Might be substandard, but impossible to tell for sure. Click for bigger version.
The FCC’s definition of adequate broadband service as 4 Mbps down and 1 Mbps up has long been outdated. The California Public Utilities Commission has been working with a minimum of 6 Mbps down and 1.5 Mbps up since 2012, when it adopted it as the threshold for determining which areas would and would not be eligible for broadband construction money from the California Advanced Services Fund.
In April, the FCC floated the idea of requiring minimum download speeds of 10 Mbps as part of its rural broadband subsidy program, the Connect America Fund. Now, according to a story in the Washington Post, the agency is looking at establishing 10 Mbps or better – 25 Mbps was mentioned – as a more general download standard. And possibly boosting the minimum acceptable residential upload speed to 2.9 Mbps.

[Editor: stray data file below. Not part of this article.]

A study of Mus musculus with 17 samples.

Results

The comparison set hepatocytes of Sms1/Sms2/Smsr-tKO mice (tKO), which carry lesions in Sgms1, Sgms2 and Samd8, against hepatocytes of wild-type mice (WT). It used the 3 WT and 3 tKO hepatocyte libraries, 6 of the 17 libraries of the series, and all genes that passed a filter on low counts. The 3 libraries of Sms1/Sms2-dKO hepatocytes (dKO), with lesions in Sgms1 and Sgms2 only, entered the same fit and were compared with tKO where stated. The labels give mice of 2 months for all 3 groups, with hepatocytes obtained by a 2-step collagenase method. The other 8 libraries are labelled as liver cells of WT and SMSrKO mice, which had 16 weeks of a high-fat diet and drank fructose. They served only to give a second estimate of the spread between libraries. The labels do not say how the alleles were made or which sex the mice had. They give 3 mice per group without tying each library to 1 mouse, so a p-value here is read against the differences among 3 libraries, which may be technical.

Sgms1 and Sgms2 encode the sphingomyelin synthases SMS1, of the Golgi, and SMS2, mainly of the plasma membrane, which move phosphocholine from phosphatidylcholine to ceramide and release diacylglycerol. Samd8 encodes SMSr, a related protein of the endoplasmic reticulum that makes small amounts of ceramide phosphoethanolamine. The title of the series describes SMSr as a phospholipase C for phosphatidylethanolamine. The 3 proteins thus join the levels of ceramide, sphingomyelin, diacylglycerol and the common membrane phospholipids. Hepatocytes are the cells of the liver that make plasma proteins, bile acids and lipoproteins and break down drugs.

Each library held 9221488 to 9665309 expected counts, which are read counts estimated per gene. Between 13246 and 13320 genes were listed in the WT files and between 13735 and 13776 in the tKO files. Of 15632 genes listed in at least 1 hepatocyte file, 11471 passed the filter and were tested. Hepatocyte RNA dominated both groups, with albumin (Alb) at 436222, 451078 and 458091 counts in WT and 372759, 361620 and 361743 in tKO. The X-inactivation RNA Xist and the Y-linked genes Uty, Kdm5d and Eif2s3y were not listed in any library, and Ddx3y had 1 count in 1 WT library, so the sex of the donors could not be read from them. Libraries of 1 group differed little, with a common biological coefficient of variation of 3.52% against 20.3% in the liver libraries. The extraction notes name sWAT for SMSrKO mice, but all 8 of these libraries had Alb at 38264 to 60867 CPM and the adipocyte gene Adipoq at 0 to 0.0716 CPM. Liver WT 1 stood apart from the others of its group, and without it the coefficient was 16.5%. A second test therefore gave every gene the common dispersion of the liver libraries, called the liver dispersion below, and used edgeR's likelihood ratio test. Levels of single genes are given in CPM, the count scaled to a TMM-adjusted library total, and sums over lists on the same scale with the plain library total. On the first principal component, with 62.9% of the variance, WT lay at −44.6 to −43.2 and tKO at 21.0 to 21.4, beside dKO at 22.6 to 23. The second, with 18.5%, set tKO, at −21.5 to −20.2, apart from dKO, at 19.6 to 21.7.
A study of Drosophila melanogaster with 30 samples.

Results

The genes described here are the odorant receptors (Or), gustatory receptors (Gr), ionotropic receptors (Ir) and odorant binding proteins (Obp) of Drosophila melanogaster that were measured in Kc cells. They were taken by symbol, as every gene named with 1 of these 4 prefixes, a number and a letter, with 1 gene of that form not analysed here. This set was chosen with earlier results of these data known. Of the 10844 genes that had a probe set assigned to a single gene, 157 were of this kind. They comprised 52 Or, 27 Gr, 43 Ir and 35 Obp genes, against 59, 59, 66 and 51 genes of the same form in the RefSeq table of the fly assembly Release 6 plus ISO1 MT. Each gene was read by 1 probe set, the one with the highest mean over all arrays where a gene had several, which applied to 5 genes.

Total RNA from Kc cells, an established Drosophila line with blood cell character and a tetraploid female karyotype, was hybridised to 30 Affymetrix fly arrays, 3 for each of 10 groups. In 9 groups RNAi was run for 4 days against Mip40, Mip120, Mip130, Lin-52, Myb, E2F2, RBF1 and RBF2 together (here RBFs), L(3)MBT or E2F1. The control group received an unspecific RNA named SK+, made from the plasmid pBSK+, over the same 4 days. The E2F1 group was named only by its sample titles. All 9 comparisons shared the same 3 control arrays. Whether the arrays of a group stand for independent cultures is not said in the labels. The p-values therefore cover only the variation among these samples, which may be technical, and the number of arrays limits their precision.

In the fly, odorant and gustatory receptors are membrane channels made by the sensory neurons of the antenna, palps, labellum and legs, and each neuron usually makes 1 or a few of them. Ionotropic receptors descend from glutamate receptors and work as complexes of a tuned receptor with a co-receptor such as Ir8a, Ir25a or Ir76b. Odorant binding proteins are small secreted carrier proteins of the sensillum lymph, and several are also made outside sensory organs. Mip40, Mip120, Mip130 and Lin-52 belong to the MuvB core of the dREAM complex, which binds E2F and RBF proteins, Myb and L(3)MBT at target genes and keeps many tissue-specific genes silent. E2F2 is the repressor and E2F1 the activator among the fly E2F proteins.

It’s interesting that the rumored upload minimum is a hair less than 3 Mbps. The current national broadband mapping program, which in turn drives parameters for the California availability map, is based on tiers, two of which go from 1.5 Mbps to less than 3 Mbps and from 3 Mbps to less than 6 Mbps. Setting the minimum at just under 3 Mbps will make it harder to document where incumbents are providing substandard service and, consequently, harder to get funding to build competing infrastructure.
But it is still all rumor. The plan, apparently, is for the FCC to begin an inquiry into revising minimum broadband speeds and the first step in that process will be publication of a formal notice that sets the table for discussion. It’s a fair bet that industry lobbyists are already making their case. When the discussion finally does go public, be sure to make yours.